Authors: Engelbrecht S, Delaney K, Kleinhans B, Wilkinson E, Tegally H, Stander T, van Zyl G, Preiser W, de Oliveira T
Cape Town was the first city in South Africa to experience the full impact of the coronavirus disease 2019 (COVID-19) pandemic. We acquired samples from all suspected cases and their contacts during the first month of the pandemic from Tygerberg Hospital. Nanopore sequencing generated SARS-CoV-2 whole genomes.
Phylogenetic inference with maximum likelihood and Bayesian methods were used to determine lineages that seeded the local epidemic. Three patients were known to have travelled internationally and an outbreak was detected in a nearby supermarket. Sequencing of 50 samples produced 46 high-quality genomes. The sequences were classified as lineages: B, B.1, B.1.1.1, B.1.1.161, B.1.1.29, B.1.8, B.39, and B.40.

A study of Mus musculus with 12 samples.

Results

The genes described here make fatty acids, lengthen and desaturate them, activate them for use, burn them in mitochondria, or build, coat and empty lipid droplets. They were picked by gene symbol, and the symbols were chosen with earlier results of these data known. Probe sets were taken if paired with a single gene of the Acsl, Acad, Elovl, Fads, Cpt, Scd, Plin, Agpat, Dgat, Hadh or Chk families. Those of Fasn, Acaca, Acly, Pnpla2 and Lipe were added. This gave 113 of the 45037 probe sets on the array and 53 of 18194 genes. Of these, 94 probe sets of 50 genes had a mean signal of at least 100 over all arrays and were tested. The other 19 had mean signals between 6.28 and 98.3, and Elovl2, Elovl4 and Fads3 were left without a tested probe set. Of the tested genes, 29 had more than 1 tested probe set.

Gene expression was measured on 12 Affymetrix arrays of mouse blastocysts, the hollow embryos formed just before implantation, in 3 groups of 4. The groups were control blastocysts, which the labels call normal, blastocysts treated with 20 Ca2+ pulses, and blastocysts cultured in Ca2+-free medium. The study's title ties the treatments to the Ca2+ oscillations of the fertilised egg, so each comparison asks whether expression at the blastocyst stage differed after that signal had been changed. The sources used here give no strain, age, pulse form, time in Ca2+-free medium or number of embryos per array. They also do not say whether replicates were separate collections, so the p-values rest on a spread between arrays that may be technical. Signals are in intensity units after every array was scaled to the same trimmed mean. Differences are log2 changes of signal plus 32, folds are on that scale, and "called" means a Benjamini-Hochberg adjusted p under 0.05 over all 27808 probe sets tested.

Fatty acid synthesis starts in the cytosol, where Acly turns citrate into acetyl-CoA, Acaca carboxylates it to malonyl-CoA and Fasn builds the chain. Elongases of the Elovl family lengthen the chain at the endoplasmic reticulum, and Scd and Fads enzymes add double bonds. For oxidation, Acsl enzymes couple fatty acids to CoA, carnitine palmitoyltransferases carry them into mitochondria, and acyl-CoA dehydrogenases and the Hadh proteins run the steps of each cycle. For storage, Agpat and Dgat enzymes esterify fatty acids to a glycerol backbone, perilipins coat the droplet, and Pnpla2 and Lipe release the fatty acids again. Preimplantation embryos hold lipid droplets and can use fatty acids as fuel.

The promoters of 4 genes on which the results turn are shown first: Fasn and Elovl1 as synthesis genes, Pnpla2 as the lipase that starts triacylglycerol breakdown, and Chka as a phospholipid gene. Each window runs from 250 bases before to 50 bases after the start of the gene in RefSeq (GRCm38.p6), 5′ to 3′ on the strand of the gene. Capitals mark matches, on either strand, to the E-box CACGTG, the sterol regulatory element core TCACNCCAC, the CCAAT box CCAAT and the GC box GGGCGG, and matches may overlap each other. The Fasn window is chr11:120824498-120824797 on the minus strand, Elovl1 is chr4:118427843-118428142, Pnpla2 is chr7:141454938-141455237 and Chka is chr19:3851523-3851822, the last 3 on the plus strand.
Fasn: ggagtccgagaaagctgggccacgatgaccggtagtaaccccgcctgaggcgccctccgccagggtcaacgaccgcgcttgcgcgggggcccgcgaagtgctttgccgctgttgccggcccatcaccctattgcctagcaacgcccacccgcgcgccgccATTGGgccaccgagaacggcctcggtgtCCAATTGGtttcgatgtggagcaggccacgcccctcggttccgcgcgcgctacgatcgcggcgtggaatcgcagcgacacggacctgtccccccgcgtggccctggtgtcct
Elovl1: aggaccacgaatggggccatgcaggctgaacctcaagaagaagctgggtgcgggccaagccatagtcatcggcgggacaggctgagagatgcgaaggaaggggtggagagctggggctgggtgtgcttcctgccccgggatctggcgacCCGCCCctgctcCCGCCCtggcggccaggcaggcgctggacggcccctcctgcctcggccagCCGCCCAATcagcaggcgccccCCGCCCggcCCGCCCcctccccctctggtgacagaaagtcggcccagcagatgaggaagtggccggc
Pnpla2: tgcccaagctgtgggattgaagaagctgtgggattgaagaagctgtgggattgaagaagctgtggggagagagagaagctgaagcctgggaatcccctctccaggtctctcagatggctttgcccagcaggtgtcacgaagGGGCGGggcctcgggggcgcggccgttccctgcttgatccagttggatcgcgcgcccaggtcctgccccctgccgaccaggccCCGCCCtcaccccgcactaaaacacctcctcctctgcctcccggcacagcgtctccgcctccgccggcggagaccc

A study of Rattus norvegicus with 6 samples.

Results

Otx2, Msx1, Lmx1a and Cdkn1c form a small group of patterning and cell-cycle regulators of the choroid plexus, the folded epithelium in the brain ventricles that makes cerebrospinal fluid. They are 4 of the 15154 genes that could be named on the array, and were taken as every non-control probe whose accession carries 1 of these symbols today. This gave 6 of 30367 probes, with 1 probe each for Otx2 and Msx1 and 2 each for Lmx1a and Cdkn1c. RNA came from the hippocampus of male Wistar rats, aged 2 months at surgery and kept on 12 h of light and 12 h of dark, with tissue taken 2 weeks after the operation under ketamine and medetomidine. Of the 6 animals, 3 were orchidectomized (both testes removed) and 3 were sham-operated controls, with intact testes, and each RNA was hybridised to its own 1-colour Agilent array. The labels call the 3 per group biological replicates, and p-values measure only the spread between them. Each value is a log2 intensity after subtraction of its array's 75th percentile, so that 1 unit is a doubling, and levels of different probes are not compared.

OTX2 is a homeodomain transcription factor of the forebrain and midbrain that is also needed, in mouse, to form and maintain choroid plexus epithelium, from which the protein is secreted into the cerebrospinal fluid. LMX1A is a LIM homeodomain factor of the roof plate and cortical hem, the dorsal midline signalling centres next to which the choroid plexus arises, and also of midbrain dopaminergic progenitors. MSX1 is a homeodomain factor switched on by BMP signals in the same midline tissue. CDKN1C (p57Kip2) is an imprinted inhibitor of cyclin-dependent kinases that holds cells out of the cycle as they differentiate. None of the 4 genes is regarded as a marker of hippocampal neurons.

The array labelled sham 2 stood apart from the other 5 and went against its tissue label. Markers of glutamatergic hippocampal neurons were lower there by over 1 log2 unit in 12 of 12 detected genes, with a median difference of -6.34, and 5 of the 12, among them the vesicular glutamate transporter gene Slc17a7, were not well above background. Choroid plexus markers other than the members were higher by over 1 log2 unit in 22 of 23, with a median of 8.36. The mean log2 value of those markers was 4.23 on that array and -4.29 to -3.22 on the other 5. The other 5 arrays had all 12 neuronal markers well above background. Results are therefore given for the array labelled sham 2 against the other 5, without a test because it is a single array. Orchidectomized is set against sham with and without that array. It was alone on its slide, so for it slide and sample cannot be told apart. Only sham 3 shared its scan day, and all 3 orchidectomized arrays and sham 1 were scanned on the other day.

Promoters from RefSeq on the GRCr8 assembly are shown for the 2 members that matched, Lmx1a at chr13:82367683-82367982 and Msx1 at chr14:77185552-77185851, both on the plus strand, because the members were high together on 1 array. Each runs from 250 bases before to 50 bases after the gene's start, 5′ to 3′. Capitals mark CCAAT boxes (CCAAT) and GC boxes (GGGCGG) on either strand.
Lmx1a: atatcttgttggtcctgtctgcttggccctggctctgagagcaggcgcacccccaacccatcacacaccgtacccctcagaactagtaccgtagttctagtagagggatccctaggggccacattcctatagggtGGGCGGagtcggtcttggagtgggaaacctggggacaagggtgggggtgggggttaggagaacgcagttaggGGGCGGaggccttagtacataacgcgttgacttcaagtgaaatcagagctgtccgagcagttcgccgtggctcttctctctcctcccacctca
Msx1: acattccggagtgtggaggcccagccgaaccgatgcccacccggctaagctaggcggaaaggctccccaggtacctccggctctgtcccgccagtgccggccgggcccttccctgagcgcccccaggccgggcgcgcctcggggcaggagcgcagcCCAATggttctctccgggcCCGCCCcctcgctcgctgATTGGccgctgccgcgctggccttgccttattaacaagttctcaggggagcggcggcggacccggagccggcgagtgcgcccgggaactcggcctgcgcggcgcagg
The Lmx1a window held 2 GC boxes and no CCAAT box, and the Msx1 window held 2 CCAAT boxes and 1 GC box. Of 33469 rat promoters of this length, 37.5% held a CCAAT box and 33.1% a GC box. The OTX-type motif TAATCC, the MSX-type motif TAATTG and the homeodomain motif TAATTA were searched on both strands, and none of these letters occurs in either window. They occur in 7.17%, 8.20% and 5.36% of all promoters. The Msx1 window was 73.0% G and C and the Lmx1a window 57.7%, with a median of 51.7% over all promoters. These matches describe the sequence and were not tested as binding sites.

All the sequences from persons under investigation (PUIs) in the supermarket outbreak (lineage B.1.8) fall within a clade from the Netherlands with good support (p > 0.9). In addition, a new mutation, 5209A>G, emerged within the Cape Town cluster. The molecular clock analysis suggests that this occurred around 13 March 2020 (95% confidence interval: 9-17 March). The phylogenetic reconstruction suggests at least nine early introductions of SARS-CoV-2 into Cape Town and an early localized transmission in a shopping environment. Genomic surveillance was successfully used to investigate and track the spread of early introductions of SARS-CoV-2 in Cape Town.